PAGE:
David Hartgen recently passed away and I wanted to share a few stories about his impact on me, Reason Foundation, and the transportation world.
Back in 2013, while working to improve the North Carolina Department of Transportation’s (NCDOT) project selection process, I was tasked with developing and identifying several roadway widening projects and recommending the number of lanes for each of the highways. Upon looking at my list, Hartgen, who was extremely well-versed in all things related to North Carolina’s roads, immediately replied, “These lane numbers are wrong. What are you trying to do: insult the NCDOT staffers’ intelligence? They know what they were doing.” He was right. And the project and my long-term work was improved by both his immediate questions and his long-term efforts to get into the nuanced details of improving state roads.
In another instance, several years ago, David got into a heated discussion with one of our Reason partner organizations. We were trying to find ways to improve the efficiency and reduce the waste at state departments of transportation. David didn’t think some of the suggestions made by our partner met the moment. “I’ve been doing this for 50 years, and I am not going to recommend some subpar solution that doesn’t meet engineering standards,” he said.
Our normally talkative partner was suddenly speechless. I came to realize that this was David Hartgen—honest and direct. He cared about getting things right. And while the criticism may not have always been easy to hear or take, it was far better than someone telling you only what you want to hear. His commitment to detail pushed those of us around him to do better work.
David began his career as a policy analyst for the Federal Highway Administration. He later served as director of the statistics department at the New York State Department of Transportation. In 1992, he was recruited to establish the University of North Carolina-Charlotte’s Center for Interdisciplinary Studies, a program that combined engineering, planning, policy, geography, and earth sciences. He worked with hundreds of students during his time directing the program, including Greg Fields, who has worked with us on a number of Reason Foundation studies.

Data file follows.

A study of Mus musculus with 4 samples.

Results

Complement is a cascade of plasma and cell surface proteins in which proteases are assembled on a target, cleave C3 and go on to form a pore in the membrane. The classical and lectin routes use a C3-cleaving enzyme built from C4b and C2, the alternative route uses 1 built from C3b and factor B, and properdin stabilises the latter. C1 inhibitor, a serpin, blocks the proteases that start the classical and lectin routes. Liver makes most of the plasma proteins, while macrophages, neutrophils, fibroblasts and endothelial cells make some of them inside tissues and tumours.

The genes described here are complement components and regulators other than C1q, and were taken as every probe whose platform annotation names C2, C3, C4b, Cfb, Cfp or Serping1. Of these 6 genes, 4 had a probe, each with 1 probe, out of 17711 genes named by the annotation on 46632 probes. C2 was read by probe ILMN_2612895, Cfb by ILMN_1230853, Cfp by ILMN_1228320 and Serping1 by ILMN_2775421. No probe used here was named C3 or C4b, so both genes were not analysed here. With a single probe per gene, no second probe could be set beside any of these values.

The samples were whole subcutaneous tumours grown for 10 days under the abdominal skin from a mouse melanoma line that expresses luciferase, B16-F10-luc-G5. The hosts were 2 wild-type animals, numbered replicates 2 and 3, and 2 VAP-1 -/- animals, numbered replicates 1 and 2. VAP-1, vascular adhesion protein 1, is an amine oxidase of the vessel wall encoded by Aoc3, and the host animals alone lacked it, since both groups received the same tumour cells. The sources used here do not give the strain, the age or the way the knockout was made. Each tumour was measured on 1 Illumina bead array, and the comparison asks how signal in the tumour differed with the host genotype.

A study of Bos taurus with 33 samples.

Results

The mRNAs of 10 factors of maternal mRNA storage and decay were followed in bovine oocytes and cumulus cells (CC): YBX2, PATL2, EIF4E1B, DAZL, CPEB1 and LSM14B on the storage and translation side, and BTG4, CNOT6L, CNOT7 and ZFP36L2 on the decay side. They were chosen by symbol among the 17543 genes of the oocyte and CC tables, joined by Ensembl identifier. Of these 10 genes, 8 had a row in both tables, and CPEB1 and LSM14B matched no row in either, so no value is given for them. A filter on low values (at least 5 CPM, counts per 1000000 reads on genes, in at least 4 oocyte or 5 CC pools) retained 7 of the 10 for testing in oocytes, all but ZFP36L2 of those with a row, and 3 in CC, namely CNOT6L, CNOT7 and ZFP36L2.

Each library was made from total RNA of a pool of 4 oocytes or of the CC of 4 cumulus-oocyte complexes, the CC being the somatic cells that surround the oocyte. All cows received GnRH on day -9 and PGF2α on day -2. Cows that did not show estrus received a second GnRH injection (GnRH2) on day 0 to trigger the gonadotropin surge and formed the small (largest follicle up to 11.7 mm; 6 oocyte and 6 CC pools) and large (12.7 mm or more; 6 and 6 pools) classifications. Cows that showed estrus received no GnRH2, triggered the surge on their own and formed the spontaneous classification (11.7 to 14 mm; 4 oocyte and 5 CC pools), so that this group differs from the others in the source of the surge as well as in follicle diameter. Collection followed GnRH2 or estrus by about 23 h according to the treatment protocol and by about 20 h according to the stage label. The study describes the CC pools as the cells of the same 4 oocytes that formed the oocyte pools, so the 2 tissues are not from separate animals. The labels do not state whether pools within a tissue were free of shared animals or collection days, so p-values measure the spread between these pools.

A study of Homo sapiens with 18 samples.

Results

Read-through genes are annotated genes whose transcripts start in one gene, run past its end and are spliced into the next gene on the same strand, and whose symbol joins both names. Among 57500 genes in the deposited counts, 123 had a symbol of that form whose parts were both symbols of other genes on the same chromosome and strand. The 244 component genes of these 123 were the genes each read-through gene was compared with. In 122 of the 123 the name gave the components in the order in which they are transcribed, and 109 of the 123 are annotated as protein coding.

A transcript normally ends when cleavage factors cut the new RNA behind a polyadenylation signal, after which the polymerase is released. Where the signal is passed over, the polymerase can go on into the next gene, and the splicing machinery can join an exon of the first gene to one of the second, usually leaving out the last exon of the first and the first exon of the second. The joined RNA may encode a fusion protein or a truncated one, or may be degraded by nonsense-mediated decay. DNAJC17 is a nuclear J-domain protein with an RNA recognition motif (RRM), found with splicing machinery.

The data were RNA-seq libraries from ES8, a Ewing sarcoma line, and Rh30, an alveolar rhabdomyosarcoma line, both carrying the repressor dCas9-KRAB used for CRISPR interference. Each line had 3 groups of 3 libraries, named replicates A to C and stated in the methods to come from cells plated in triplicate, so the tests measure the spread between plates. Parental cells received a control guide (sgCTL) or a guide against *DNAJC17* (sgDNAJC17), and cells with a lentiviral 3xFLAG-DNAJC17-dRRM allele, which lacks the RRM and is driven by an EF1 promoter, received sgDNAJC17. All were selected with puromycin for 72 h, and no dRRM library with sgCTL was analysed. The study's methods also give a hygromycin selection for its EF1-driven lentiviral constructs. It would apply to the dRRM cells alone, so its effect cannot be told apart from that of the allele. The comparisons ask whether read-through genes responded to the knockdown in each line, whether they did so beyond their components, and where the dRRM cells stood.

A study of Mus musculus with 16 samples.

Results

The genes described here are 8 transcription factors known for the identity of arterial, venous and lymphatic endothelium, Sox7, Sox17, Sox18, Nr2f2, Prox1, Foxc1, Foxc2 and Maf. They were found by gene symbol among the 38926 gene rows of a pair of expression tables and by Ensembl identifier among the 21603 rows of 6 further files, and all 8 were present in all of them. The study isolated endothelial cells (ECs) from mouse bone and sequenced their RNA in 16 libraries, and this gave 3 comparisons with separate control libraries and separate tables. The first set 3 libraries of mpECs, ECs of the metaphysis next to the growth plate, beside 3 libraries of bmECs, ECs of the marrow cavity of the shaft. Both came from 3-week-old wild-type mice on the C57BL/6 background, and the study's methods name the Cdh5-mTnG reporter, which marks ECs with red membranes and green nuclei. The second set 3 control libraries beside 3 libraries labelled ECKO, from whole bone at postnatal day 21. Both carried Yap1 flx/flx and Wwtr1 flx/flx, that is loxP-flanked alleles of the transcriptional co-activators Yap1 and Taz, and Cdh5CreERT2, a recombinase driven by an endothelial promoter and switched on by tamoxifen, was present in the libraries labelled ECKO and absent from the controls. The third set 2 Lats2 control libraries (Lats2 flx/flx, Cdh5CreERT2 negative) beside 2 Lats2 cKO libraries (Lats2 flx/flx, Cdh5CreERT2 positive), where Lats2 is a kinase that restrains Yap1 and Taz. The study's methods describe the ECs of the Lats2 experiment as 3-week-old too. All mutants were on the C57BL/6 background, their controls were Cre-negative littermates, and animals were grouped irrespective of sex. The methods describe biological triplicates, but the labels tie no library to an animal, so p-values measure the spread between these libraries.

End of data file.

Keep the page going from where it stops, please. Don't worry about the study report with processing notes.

David engaged his students with wit and insight. He always related the backstory behind the lesson to provide context. Explaining multinomial logit models is excruciatingly dry, but David had the ability to put them in perspective.
In 2007, he retired from the university and became an independent consultant working with Reason Foundation, John Locke Foundation, and others. He even found some time to go fishing. Friends remember David as a great trout fisherman and avid fly-tier.
David created the Annual Highway Report, his biggest Reason Foundation legacy. Originally based on his time working in the New York state office of the Federal Highway Administration, the report’s 26th edition will be published this year. Hartgen and the report brought quantitative analysis to state transportation departments by assessing their performance in 13 different metrics, including traffic fatalities, pavement condition, and traffic congestion. It showed taxpayers and drivers how their roads compared to other states and how much bang for the buck they’re getting. The report helps highlight areas for improvement and inefficiencies in state transportation spending and is Reason Foundation’s most-publicized research product.
As a senior fellow here, David worked on many other studies for Reason Foundation. I was fortunate to work with him on the North Carolina project selection study mentioned above, as well as a study analyzing traffic congestion in mid-sized regions, a study examining mobility in Southern California, and three editions of the Annual Highway Report.
Overall, David was the author of more than 350 studies on transportation policy and planning—on everything from the severity of traffic congestion to the cost-benefit analysis of light rail lines. He also served as the editor for several transportation journals through the years.
What I will remember most about David was that he wasn’t afraid to question the status quo. The Annual Highway Report isn’t always popular with state transportation departments because, while some states are going to look like good stewards of taxpayer’s money, others don’t. When low-ranking states questioned the rankings in the highway report, Hartgen was always willing to spend hours working with them. Hartgen showed the state transportation officials that he was using the very data that they themselves had reported to the federal government. He’d show them the data and how to improve in the rankings, telling them they’d either need to improve the quality of their roads or spend taxpayers’ transportation money more efficiently.
David was willing to take a stand for what he believed in. He retired from UNC-Charlotte, in part, due to a disagreement about the city’s planned light rail line. David thought it was a bad investment and the region’s powerful business community did not take kindly to his criticism.
David even disagreed with Reason’s position from time to time. He opposed the development of the I-77 managed lanes in Charlotte, arguing that they were not the best solution to the region’s traffic congestion. And he remained skeptical of toll roads, once taking me on a tour of the mostly empty Western Wake Freeway to help make his argument.
I think it’s safe to say David’s research and analysis probably would have been even more celebrated and popular in the transportation policy world if he’d been willing to bite his tongue and take the politically correct path common in the transportation industry. But that wasn’t David. And for that, among many other reasons, he will be sorely missed.
David Hartgen’s positive impact on Reason and transportation policy will continue to be felt for a long time to come.